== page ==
North of the Kansas River: The Battle of Hickory Point

Battle of Hickory Point, Jefferson County, Kansas Territory, 1856

As battles go, this one wasn’t all that big. “Skirmish” comes to mind as a description for the two-day pre-Civil War fight that found early Jefferson County settlers armed and facing off at a little trading post on the prairie.  The heart of the issue was slavery, although participants might have seen a more immediate cause of self-defense or retaliation for the “outrages and depredations” going on in this part of Bleeding Kansas.  And, in all truth, a lot of the combatants in the Sept. 13-14 fight were not from Jefferson County, or even from Kansas Territory. More on that, and all the rest, later in this blog.

Sectional Map of the Territory of Kansas. Published by John Halsall in 1857.
John Halsall’s Sectional Map of the Territory of Kansas showing Jefferson County, as published in 1857.

The map below sets up the Hickory Point story nicely, since the battle was the peak of armed fighting in Jefferson County when Kansas Territory was determining whether it would enter the union as a state that allowed or prohibited slavery.  The question was brought on by the Kansas-Nebraska Act in 1854.  That year, partisans of the slavery question came west, along with waves of settlers who wanted to speculate in land or to buy land cheaply, sow their crops and get on to the business of settling a new territory.  Disagreement over slavery become violent, resulting in the name “Bleeding Kansas.”

The map, created by Kirk Webb of the Jefferson County, Kansas,  Geographic Information Systems Department, shows Hickory Point’s location, as well as other locations that were linked in some way to the Hickory Point clash between free-state and pro-slavery partisans in September 1856.


  • Sept. 8-12: Free-staters, some of them territorial leaders for the cause, destroyed commercial property and otherwise harassed pro-slavery leaders in Osawkee (now Ozawkie). Their actions were related, apparently, to an ongoing series of free-staters and pro-slavers plundering and destroying property in their efforts to drive out the other side.
  • Sept. 8: Newly arrived (with a group from Chicago) free-state military leader James A. Harvey and his men join up with militia (“Stubbs”) from Lawrence in Douglas County, Leavenworth County and some from Jefferson County (Simeon Hull) to help Leavenworth County free-staters under attack by pro-slavers from Kansas Territory, Missouri and from South Carolina and other southern states. Harvey’s troops concentrate on Easton and Alexandria (no longer a town), and start back for Lawrence Sept. 10.
  • Sept. 10, 11: Harvey camps out near Round Grove (current McLouth area), Jefferson County, on the night of the 10th. Jesse Newell, who has set up a saw mill at what will become Oskaloosa, enters Harvey’s camp and tells Harvey about a group of South Carolinians camped out along Slough Creek, a couple of miles north of Oskaloosa. Harvey decides to attack.
  • Sept. 11: Early morning, Harvey’s group ambushes the sleeping southerners, takes their equipment, horses, etc. and lets the South Carolinians go, ordering that they leave Kansas Territory. Harvey and Co. head back to Lawrence, dragging the captured big, red “Southern Rights,” “South Carolina” flag with them.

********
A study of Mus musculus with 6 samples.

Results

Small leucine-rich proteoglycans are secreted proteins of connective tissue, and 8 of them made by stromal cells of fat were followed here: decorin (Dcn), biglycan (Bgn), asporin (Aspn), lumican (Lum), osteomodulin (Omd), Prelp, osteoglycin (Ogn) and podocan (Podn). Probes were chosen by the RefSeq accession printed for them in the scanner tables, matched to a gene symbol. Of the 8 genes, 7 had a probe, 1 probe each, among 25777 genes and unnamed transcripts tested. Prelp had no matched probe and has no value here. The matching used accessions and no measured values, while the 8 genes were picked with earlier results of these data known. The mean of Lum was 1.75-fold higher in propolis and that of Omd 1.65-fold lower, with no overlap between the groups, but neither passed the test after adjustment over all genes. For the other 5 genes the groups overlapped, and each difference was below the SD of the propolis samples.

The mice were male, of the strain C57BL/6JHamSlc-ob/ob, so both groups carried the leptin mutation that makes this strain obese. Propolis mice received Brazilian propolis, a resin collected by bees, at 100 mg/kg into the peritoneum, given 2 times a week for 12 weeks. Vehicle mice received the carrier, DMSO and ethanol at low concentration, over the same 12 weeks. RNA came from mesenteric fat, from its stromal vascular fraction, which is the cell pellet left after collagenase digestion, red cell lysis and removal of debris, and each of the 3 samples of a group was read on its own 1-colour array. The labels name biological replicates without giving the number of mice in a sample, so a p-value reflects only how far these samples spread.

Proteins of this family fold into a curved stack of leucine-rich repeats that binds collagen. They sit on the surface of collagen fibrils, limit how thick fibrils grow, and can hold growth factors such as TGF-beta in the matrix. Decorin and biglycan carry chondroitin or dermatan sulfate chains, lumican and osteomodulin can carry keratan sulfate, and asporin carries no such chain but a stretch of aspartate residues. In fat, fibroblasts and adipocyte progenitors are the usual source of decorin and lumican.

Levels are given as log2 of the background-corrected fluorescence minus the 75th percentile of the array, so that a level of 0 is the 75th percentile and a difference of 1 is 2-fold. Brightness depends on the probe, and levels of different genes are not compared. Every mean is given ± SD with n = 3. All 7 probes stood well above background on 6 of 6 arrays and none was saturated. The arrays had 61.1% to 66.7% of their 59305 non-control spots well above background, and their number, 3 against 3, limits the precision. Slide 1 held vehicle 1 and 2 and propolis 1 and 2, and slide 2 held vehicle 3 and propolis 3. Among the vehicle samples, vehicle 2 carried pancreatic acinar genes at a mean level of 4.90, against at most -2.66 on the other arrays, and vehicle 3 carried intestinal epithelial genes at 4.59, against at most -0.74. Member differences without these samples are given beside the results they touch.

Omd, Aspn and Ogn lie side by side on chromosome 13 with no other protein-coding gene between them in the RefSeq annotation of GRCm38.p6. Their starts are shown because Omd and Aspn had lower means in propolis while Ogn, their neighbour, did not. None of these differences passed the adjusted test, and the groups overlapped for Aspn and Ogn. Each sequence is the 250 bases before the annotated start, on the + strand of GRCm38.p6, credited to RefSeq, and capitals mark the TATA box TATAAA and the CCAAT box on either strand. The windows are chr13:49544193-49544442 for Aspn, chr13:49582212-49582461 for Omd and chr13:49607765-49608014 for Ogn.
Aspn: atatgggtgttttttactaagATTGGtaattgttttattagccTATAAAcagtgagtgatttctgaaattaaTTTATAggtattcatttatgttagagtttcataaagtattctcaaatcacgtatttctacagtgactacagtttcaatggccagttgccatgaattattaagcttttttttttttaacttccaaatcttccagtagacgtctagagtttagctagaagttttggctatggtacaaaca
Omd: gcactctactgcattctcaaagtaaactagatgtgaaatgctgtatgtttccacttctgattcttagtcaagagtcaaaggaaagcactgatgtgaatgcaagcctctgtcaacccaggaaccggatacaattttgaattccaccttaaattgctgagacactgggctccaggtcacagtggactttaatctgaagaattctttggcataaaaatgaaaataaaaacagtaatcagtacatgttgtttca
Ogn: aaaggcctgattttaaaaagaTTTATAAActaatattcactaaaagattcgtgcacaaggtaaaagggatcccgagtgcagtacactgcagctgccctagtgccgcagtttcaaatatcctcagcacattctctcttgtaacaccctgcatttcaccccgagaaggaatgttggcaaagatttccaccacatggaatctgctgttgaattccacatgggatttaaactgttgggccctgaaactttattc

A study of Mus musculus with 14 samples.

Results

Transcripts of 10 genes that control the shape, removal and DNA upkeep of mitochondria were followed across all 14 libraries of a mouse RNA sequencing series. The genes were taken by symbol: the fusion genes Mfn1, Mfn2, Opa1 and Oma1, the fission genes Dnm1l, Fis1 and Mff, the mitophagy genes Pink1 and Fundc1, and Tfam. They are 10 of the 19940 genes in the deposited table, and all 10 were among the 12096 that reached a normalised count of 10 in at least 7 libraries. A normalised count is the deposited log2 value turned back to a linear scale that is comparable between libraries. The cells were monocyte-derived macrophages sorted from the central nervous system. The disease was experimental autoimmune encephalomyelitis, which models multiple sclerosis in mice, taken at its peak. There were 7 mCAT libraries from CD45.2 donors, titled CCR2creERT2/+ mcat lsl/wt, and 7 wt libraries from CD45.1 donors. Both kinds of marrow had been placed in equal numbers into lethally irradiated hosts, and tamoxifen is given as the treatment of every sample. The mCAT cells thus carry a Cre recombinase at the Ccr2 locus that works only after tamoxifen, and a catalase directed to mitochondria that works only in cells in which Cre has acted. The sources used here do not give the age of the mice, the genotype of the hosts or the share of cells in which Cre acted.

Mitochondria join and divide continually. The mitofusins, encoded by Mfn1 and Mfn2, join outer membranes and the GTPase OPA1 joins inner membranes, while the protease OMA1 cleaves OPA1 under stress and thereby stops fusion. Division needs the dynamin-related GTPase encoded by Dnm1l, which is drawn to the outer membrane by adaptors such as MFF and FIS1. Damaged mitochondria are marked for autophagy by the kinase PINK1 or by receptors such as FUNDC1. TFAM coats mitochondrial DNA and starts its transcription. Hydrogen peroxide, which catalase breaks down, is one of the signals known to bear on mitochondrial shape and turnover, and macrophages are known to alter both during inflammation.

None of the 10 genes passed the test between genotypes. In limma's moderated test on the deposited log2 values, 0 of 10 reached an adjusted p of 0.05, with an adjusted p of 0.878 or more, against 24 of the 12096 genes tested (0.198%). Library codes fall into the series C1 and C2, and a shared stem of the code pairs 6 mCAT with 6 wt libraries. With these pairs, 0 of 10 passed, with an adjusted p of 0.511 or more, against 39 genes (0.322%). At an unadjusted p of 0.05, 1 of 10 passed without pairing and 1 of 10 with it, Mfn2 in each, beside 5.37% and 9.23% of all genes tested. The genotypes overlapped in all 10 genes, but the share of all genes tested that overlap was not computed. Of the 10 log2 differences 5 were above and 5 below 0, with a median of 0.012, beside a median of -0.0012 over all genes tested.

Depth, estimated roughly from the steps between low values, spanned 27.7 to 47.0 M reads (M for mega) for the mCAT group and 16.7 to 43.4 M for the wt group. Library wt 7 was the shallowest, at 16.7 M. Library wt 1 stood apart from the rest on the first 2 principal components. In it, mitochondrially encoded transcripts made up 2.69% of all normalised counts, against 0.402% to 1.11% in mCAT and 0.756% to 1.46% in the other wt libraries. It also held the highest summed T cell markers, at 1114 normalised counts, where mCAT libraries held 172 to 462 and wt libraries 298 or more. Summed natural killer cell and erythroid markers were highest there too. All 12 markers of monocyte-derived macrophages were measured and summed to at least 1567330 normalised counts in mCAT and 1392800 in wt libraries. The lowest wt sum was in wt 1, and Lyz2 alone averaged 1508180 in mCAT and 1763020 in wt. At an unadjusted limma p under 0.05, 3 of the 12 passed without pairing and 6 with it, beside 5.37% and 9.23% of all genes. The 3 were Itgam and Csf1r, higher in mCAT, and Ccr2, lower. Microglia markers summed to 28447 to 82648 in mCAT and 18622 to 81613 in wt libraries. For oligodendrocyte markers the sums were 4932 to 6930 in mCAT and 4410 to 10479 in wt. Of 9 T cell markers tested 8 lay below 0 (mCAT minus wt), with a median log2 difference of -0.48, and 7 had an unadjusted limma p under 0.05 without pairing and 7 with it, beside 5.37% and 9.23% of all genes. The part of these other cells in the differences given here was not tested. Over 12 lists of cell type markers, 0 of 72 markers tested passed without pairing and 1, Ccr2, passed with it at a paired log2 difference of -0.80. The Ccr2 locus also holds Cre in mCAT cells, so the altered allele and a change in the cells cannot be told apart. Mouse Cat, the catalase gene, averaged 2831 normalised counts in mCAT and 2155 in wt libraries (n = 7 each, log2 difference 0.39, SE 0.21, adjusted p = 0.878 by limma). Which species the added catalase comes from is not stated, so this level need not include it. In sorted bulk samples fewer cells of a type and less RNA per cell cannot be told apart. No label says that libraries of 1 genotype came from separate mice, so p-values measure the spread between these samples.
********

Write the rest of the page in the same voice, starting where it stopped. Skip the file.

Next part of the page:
• Sept. 8-12 (dates conflict): Businesses and belongings in Grasshopper Falls (now Valley Falls) are burned by pro-slavers, thought to be the Kickapoo Rangers, who also fire shots at the town’s mill. It is possible they thought free-stater Isaac Cody, father of the then about 10-year-old Buffalo Bill Cody, was there that day (but he wasn’t).
  • Sept 11, 12: Free-state commander James H. Lane, who was about to head up through Holton to Nebraska and beyond, or maybe go back and attack Lecompton or protect Lawrence, is asked by Jefferson County free-staters for some help against the pro-slavery attacks. Lane and troops from Topeka and other points south of the Kansas River meet in Osawkee, picking up some local fighters in Jefferson County.  They had already sacked Osawkee.
  • Sept. 13: Battle of Hickory Point Day 1. Lane knows that pro-slavers, thought to be some of the same men attacking free-staters in the area, are camped at Hickory Point, a tiny pro-slavery settlement and trading post on the military road from Fort Riley to Fort Leavenworth. Lane and troops march to Hickory Point, unconditional surrender of pro-slavery men inside (including South Carolinians) asked and rejected, shooting begins. Lane determines he needs more troops and bigger guns and sends a messenger off. Lane learns that the new governor has arrived in KT, and that the new governor is disbanding all partisan militias, like Lane’s and like the Kickapoo Rangers. Lane tries to get the word to Harvey, but Harvey doesn’t get the message due to some garbling, perhaps.
  • Sept. 14: Battle of Hickory Point Day II. Harvey gets the message to help, procures a cannon and takes his troops north, stopping at Newell’s Mill for breakfast. Harvey picks up the battle at Hickory Point, which ends later that day. Various accounts of the battle say: 1) Free-state victory. 2) Pro-slavery victory. 3) Nobody won. Harvey and troops go back to Newell’s Mill to rest; Harvey goes over to Jesse Newell’s cabin, which was in the immediate vicinity of Old Jefferson Town in Oskaloosa. Meanwhile, Osawkee pro-slavery partisans have gone to Lecompton, the territorial capital,  to ask for U.S. troops to come up to Jefferson County and stop the free-staters’ attacks. The U.S. Troops find Harvey’s men resting by Newell’s sawmill, arrest them and imprison them at Lecompton. The U.S. troops found neither Harvey nor Newell at Newell’s cabin.